Alibaba’s Ma plans own NASA for groundbreaking new technology

By Zhang Ye Source:Global Times Published: 2017/3/13 23:23:39

Alibaba Group Holding, known for its success in e-commerce, is trying to build up its reputation as a technology-driven powerhouse.

In the next two decades, the company plans to form independent research and development (R&D) teams to build up core technologies that can support its founder's grand vision of serving 2 billion customers around the world.

The plan, dubbed the NASA project, is expected to cover core technologies such as machine learning, chips, the Internet of Things and biometric identification, according to a press release Alibaba sent to the Global Times Monday via e-mail.

The decision was unveiled at a technology summit at the company's Hangzhou headquarters on March 9.

At the summit, founder Jack Ma Yun reiterated his goal of turning Alibaba into the world's fifth-largest economy in the next 20 years, creating 100 million jobs and enabling 10 million businesses turn a profit.

Such an economy has to be backed by solid technological capabilities, so "we will build Alibaba's own NASA," Ma said, referring to the National Aeronautics and Space Administration — a US organization he admires for what it has contributed to humans via technological breakthroughs.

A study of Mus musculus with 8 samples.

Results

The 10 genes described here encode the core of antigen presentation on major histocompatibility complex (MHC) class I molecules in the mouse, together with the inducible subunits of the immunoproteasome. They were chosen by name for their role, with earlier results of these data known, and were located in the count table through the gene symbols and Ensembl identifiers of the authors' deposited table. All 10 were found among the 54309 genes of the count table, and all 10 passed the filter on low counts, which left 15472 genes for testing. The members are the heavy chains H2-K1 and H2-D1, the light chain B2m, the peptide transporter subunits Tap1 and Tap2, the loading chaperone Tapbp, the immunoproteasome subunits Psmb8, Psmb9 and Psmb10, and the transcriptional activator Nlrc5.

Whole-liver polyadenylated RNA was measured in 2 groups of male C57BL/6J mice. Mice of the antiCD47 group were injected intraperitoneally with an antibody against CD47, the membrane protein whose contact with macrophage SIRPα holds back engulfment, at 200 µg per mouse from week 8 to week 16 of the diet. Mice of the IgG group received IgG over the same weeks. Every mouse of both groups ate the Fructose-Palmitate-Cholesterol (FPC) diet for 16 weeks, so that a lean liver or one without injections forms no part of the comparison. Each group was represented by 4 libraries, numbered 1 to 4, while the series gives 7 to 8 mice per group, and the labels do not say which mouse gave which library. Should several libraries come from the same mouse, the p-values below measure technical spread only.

Ma's counterparts — Baidu founder Li Yanhong and Tencent CEO Ma Huateng — also have high hopes for technological development.

During this year's two sessions of the National People's Congress (NPC) and Chinese People's Political Consultative Conference (CPPCC) national committee, both Li, a CPPCC member and Ma, a NPC deputy, urged the government to boost R&D as well as the application of core technologies like artificial intelligence.

"The focus on technology development has become an industry trend in China, as major domestic companies realize that only new technological advances can be growth engines for businesses and industries," Liu Dingding, a Beijing-based IT expert, told the Global Times Monday.

Liu said that Chinese companies will soon be able to gain a foothold in the global battleground by exporting technological advances instead of relying on innovation in the business model as they used to do. 

Before the announcement of its NASA project, Alibaba had already showcased its technological competence via a cloud computing unit, Alibaba Cloud.

Alibaba Cloud's Apsara operating system organizes the processing power of millions of servers into a huge computational engine. During the fourth quarter of 2016, Alibaba's cloud computing business revenue rose 115 percent to 1.76 billion yuan ($254 million).

Alibaba, Baidu and Tencent may have to seek funds to support the building of their technological capacity, amid fierce competition, said Liu.